I would have been prudent to mention in my last post some of the musical experiences I encountered on the Basilicata trip, which included an excursion to la Casa Cava and its famed hall nei sassi (underground) and a walk through a narrow street past the conservatorio named for famed film composer Nino Rota, where the sounds of a practicing clarinetist filled the air from above.
But I digress, because this post is going to be a little more about the region of Campania. I spearheaded a weekend trip which flurried through Napoli, Sorrento, Positano, Agerola, Amalfi, and Salerno, and which probably featured as much time walking/hiking from place to place as was spent on the buses and trains involved. Which was a lot.
While I didn’t have time to visit the luthiers in person, Napoli happens to be a hotbed of instrument-making, particularly for mandolins. I’m proud to say that as of this week I am the owner of a brand-new mandolino in stilo Napoletano. (It was actually shipped to me from Catania, another prominent instrument-producing city. But don’t tell anyone). Back stateside, I played violin and piano for a decade give or take before deciding that I wanted to commit to composition instead. The time invested in learning to play the violin, however, prepared me well to pick up a mandolin just for fun as the instruments share a tuning pattern. But my American mandolin is of the archtop variety, which tends to be warmer and muted, and distinctly American. The Neapolitan instrument is a much older design, and probably the image that would come to mind when you think of a mandolin (if an image comes to mind at all – it’s okay, I’ve had folks call my American instrument a banjo before). It features a bowlback design, which sounds brighter and more resonant, and it plays more delicately. It’s a beautiful instrument, in my humble opinion, and as I have no piano at my disposal, it should help me out quite a bit when I’m writing stuff that I have to figure out more complex harmonies for.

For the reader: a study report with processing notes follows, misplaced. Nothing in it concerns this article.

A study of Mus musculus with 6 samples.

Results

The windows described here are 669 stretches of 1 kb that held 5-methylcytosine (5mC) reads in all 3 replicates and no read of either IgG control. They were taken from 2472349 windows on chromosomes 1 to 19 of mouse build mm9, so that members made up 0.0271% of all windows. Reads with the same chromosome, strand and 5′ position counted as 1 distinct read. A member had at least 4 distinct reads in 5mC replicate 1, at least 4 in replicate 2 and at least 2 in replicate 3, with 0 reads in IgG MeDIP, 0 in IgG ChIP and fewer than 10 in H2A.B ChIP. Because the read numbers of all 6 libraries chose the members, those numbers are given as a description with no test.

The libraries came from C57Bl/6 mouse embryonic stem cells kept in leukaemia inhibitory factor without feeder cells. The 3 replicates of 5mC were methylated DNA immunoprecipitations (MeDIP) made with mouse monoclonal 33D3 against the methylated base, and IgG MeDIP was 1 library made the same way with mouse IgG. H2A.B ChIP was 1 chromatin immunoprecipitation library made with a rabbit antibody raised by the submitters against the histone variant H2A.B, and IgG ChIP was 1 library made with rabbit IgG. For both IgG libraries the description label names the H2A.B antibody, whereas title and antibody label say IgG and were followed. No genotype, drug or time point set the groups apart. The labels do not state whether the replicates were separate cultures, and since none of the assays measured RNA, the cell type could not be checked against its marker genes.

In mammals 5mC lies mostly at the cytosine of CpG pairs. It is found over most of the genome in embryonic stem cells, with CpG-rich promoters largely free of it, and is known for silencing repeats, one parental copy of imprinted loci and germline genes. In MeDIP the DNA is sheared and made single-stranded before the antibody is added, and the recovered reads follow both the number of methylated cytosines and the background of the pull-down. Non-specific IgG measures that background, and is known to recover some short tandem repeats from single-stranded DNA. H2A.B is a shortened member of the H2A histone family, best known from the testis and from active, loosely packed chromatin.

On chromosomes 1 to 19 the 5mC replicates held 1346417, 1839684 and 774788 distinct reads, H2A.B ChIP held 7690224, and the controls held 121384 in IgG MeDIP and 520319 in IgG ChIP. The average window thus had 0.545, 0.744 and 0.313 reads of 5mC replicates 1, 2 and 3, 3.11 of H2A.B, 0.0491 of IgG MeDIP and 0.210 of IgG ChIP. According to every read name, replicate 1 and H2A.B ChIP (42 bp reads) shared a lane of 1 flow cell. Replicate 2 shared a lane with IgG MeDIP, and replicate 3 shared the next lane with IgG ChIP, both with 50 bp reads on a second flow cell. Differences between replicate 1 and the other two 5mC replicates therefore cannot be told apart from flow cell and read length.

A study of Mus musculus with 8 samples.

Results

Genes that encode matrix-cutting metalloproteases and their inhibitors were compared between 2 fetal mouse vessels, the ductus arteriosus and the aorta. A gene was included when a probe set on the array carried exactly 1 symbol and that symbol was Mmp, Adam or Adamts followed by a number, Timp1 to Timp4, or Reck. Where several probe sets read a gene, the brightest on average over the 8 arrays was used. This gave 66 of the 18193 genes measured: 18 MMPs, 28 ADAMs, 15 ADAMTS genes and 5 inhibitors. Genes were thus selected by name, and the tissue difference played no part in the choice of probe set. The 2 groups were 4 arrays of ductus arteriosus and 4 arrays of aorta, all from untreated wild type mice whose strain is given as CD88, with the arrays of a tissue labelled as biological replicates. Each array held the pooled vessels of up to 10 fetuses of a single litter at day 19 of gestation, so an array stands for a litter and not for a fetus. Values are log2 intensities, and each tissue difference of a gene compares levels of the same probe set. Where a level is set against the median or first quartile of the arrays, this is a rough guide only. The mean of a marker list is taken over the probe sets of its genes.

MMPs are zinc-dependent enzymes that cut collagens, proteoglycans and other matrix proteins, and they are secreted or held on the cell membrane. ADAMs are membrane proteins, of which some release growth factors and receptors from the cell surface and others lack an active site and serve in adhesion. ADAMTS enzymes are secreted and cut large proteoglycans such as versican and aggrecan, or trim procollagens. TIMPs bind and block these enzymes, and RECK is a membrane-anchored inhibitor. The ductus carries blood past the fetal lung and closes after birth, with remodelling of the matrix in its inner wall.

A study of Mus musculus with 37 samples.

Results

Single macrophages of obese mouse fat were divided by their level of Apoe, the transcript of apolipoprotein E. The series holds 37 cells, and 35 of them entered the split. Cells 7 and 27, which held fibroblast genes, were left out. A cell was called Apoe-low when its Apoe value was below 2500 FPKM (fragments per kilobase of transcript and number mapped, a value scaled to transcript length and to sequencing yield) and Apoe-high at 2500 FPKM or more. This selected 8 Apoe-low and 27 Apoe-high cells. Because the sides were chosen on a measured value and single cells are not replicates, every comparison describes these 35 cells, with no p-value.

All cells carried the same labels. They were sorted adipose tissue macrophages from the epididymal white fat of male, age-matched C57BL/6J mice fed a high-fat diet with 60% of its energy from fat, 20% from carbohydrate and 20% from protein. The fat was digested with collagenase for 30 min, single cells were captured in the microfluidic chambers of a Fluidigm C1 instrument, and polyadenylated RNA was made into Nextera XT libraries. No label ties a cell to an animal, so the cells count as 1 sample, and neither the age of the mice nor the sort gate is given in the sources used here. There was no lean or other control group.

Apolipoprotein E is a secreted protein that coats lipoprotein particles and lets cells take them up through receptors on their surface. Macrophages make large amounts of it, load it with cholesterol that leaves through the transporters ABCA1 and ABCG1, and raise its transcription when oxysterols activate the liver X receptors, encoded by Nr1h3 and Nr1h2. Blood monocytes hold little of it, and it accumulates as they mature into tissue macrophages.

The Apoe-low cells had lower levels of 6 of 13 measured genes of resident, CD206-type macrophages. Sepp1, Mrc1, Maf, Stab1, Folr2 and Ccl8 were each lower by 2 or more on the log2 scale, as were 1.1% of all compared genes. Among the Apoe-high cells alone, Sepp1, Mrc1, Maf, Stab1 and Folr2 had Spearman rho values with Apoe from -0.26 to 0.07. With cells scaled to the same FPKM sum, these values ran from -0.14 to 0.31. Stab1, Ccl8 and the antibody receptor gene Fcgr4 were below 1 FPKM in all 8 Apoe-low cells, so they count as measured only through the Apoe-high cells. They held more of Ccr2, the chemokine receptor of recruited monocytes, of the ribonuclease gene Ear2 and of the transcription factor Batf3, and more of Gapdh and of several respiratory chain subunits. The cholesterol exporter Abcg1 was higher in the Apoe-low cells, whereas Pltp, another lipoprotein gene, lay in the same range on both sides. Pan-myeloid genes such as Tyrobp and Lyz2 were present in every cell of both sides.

But back to the trip. These have ended up becoming quite important to me, again due to the experiences of the landscapes, and la Costiera Amalfitana was no exception. If you can get past the tourists, there’s plenty of space to find monastery ruins, a crumbling Roman aqueduct, and the remains of a Medieval ironworks, among other things. The cliffs are breathtaking, and there are some spectacular views along the old footpaths which run between Positano and Amalfi. I should let the images below describe the land, however, as three days of travel and three days of work is not enough time to produce an equivalent in musical sketches with this condensed class schedule.
Certainly the most musical experience of the week, however, came from a peculiar sight in Salerno. It was a Sunday evening, and I had a few hours to kill before the train to Rome would arrive. I seated myself on a bench along the main pedestrian commercial street in the city and pulled out my notebook to jot down ideas for that lopsided waltz I’ve mentioned. And out of nowhere comes this elaborate religious procession, full of all sorts of people organized probably by status in the Church and distinguished by dress. There were banners, robes, and some very ornamental garbs. There were also loudspeakers reciting Latin phrases, and at one moment the entire procession began to sing. Bystanders on the sidewalk, like myself, mostly watched in silent reverence, as this clearly very old tradition passed by singing to some Aeolian tune (which I attempted to transcribe on the spot). Many hundreds of people were involved, and it took them between ten and fifteen minutes to pass altogether. I’m still not quite sure exactly what it was that I witnessed, but it’s probably not something I would have seen or heard in Rome.